Monday, December 21, 2009

Installing X.509 certificates on Nokia S60 3rd edition device

Sometimes you need to install your own X.509 certificate on the phone in order to authorize some web site, Exchange server, or installed software, or in general to use TLS (SSL) connection. According to the guide, provided on Nokia forums – it a piece of cake! However, sometimes problems may arise, and you start wondering about what can go wrong. The next thing you do is try to find the answer somewhere on the Internet. Well, you'll get a whole bunch of different posts about positive or negative experience, you'll find different solutions that are sometimes weird, sometimes don't work, and sometimes work but not on your phone. In general, most solutions are correct, you just need to pay attention to one nobody-ever-mentioned thing.

At first, a small amount of theory, so you'll know what I am talking about. X.509 certificate files have several extensions. Here is the description from Wikipedia for the most common:

  • .pem - Base64 encoded DER certificate, enclosed between "-----BEGIN CERTIFICATE-----" and "-----END CERTIFICATE-----"
  • .cer, .crt, .der - usually in binary DER form, but Base64-encoded certificates are common too
  • .p12 - PKCS#12, may contain certificate(s) (public) and private keys (password protected)
  • .pfx - PFX, predecessor of PKCS#12 (but most of the time the actual data is PKCS#12, only the extension is kept)

If you are not into technical very much, you just need to know that .pem files are text files. So you can open them in any text editor (like GEdit or Notepad) and see bunch of letters and numbers after the first line, which says “-----BEGIN CERTIFICATE-----”. Those letters and numbers is actually a specially encoded binary certificate. Now, the files with extensions .cer, .crt, .der are usually (but not always!) binary files. That means that you cannot view their contents with usual text editor. But pay attention to what is being said at the end for this kind of files: “... but Base64-encoded certificates are common too”! That means, that you can have a certificate file with, for example, .cer extension, but it will be a text file actually encoded as .pem file! And, what's the difference, you ask, why should I care?

Well, here we came to the most interesting part. Nokia phones on S60 3rd edition platform cannot import .pem certificates! They cannot import certificates that are represented as text files. You need a binary DER encoded file. And what's really exciting – you can have a .cer, .crt, or even .der file, but it will be a text file that was renamed from .pem! Well, your computer web browser will cope with it just fine. You computer mailing program will cope with it just fine, too. But not your Nokia phone!

If you are still wondering on “how do I know what kind of certificate file I have?”, then try to do a simple thing. Open the file with any text editor and see: if it opens correctly and has the first line as “-----BEGIN CERTIFICATE-----”, then this is a text .pem file. If it doesn't open correctly or has something really crazy inside – then it is probably a binary .der file.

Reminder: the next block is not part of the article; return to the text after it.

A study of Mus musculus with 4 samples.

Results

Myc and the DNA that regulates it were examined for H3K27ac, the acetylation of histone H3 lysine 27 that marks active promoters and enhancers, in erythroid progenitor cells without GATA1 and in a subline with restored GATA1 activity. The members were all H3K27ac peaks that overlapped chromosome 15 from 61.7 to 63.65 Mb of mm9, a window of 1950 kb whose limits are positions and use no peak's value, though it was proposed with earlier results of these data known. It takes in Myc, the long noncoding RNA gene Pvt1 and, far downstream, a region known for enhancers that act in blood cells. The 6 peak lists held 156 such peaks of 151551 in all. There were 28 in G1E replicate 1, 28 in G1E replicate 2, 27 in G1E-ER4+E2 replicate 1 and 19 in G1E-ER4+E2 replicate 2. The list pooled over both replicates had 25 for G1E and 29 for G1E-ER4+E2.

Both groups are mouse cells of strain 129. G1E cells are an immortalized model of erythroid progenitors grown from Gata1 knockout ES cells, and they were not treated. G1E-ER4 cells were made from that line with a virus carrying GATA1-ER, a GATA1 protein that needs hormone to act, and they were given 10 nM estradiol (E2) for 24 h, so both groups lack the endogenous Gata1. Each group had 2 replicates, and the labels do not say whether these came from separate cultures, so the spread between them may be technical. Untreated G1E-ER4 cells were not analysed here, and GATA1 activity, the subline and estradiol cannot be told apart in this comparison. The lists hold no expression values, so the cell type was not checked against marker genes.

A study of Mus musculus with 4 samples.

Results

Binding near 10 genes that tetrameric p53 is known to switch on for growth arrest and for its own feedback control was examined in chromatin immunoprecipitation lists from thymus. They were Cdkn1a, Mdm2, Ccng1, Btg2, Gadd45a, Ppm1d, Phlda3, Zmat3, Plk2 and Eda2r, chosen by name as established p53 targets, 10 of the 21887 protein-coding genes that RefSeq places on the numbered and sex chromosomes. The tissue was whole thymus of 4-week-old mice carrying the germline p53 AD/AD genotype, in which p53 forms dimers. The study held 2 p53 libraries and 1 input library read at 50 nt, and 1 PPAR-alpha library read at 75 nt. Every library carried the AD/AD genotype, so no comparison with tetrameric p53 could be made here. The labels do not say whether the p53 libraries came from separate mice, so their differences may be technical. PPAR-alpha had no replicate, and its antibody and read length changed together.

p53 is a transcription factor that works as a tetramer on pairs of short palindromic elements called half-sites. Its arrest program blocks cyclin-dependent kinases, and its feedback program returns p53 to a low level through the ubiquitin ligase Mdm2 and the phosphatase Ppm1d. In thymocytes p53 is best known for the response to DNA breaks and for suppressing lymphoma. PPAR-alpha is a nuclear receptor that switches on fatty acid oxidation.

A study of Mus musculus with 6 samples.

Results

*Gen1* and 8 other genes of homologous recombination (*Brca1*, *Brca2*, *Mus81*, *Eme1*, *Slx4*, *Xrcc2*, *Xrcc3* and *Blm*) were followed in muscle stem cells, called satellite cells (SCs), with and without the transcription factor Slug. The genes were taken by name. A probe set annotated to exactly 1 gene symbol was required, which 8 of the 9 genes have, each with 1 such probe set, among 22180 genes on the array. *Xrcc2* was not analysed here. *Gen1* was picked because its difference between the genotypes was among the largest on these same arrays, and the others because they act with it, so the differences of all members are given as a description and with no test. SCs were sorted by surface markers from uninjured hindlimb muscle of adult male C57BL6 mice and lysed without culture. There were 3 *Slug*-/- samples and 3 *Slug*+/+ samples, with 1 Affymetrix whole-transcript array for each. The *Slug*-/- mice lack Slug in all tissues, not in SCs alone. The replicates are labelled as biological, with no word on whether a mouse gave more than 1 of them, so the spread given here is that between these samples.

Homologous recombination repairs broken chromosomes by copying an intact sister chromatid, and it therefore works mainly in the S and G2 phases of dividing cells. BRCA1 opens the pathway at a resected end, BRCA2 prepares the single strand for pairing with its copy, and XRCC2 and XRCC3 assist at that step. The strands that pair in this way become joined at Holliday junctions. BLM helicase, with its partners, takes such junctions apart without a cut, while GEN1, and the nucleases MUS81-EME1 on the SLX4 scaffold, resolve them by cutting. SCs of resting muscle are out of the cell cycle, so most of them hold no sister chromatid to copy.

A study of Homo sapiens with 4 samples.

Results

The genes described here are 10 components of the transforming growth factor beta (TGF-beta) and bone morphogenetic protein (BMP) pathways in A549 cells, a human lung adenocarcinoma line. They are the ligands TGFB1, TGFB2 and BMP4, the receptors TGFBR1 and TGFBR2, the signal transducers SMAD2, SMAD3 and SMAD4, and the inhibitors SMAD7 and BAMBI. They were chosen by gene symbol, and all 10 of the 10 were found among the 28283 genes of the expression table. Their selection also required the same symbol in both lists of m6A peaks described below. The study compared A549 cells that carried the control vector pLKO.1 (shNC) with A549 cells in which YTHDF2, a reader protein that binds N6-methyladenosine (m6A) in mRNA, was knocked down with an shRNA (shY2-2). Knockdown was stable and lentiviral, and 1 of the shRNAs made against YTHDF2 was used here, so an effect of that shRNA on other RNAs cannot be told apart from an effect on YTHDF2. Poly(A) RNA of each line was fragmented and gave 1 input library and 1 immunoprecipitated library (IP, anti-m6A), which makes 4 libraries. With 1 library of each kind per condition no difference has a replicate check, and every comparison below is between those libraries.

If you have a binary certificate file, then just transfer it to the phone and open with phone's File Manager. It will ask you to import the certificate. Just like the mentioned tutorial says. What if you have a text certificate file? Then you should convert it to binary representation. There is an open source and free program that can do it for you, called OpenSSL. A compiled version of OpenSSL for Windows can be found here. Ubuntu users just type in terminal: sudo apt-get install openssl.

So, you've got the program! Next thing you do is type in terminal the following command:

openssl x509 -outform der -in certificate.pem -out certificate.der

In place of 'certificate.pem' you should put your text certificate file (it can have extensions .pem, .cer, .crt, .der but it should be text file) and in place of 'certificate.der' you just put any name you want. After executing this command (pressing Enter in terminal after typing it there) you should get in your directory a file named 'certificate.der' (or whatever you've put there), which will be a binary DER encoded certificate file. After that you do the same thing that I wrote before – transfer file to the phone and open it with File Manager. And you're done!

Now, lets mention the .p12 files. As I said before that are the binary files containing public certificate and password-protected private key. According to the already beloved Nokia guide this kind of files should be supported for installing on the phone. Well, not necessarily. In fact, unfortunately my Nokia N73 phone with the latest firmware does not import .p12 certificate files. I don't know why. Nokia support does not know either. I didn't dig it deeper into the problem, because I actually didn't need to install the certificate with private key – I probably will not decrypt any content with my phone that was signed or encrypted with public certificate (that is why you actually need a private key). But if you still need to import just the certificate from the .p12 file, you need to extract it first. The following command can be used:

openssl pkcs12 -in keyStore.p12 -out certificate.pem -nodes -nokeys

In place of 'keyStore.p12' you put the name of your .p12 file and in place of 'certificate.pem' you put any name. After executing this command you will get a text certificate file. Please, pay attention – it will be a text certificate file. You will need to convert it to binary format with the command mentioned before.

Well, that's about it! Now you should have no problems with installing your own X.509 certificate files on the Nokia phone. I didn't test the other versions of Symbian OS for the support of text certificate files, because I do not have many Nokia phones, except my own N73 :) But I think that S60 4th and 5th editions do not support then either.